The automotive industry in Portugal, challenges for the future of work

The automotive industry in Portugal – a steadily growing contributor to employment and GDP growth – is affected by a global structural transformation of the sector. Driven by technological progress and stricter environmental regulations, the sector is pressed to change rapidly.

Press release | 15 June 2022
GENEVA (ILO News) – A new ILO study on the future of work in this sector in Portugal will be launched on 14 June, with the presence of the ILO Director-General and the Prime Minister of Portugal. The event will also be attended by the Minister of Labour, Solidarity and Social Security and the representatives of the Social Partners.

The study commissioned, in 2019, by the government of Portugal to the International Labour Organization (ILO) paints a nuanced picture of the sector that highlights the growth in employment and turnover in recent years but identifies a complex set of issues that challenge future growth.

To break this cycle and to protect the sector’s role as a major employer, a coherent strategy of supporting public policies and good will in the industry are needed, to make Portugal an attractive location for decarbonized vehicle manufacturing.

Portugal initially benefitted from a restructuring of the automotive industry that relied on outsourcing and the search for cost saving opportunities in assembly and the manufacture of components, leading to particularly strong growth since the 1990s. The business models of automotive firms in Portugal continue to differ from those of original equipment manufacturers (OEMs) – i.e. the larger brands in their respective headquartering countries. With electrification on the rise, the Portuguese reliance on cost suppression is bound to become less relevant, as the manufacture of electric vehicles is less labour intensive than that of ICE-powered vehicles. This raise concerns as to how changes by OEMs will affect the sector in Portugal.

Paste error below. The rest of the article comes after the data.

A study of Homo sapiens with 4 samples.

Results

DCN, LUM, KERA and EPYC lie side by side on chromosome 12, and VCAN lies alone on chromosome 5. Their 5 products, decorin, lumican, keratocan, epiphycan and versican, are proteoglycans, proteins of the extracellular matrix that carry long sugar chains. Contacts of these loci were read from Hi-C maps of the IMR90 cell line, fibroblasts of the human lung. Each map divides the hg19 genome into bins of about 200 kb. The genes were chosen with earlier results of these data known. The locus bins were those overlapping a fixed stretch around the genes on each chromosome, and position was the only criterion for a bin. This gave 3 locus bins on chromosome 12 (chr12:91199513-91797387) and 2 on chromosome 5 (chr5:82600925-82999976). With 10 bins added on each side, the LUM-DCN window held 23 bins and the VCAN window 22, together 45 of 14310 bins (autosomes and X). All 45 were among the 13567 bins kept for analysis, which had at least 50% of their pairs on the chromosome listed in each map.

Some companies have responded with increasing product diversification to decrease their dependency on automotive OEMs. Meanwhile, OEMs demand increasingly flexible production regimes that rely on flexible deployment of labour. In Portugal, this manifests itself in rising numbers of temporary and agency workers, leading to a vicious cycle of wage compression and contract precariousness, which hinders the ability to attract talented and young workers, and weakens industrial relations.

Given the context of high uncertainty within which the sector operates – technological uncertainty, changing environmental regulations and incentives, disruptions in supply chains – the study sketches four potential future scenarios as a basis for the discussion of strategies that may better support the sector in navigating change and achieving better employment outcomes.

In an attempt to steer the sector towards the most favourable scenario, the study details a set of policy considerations to help achieve more favourable ouctomes.

These can be grouped in four main dimensions:
  • policies for economic and employment-intensive growth;
  • supporting business in navigating the twin transitions;
  • protecting workers through facilitation of transitions and social security; and
  • fostering social dialogue to navigate uncertainty together, including by managing and embedding technological change at all levels of social dialogue.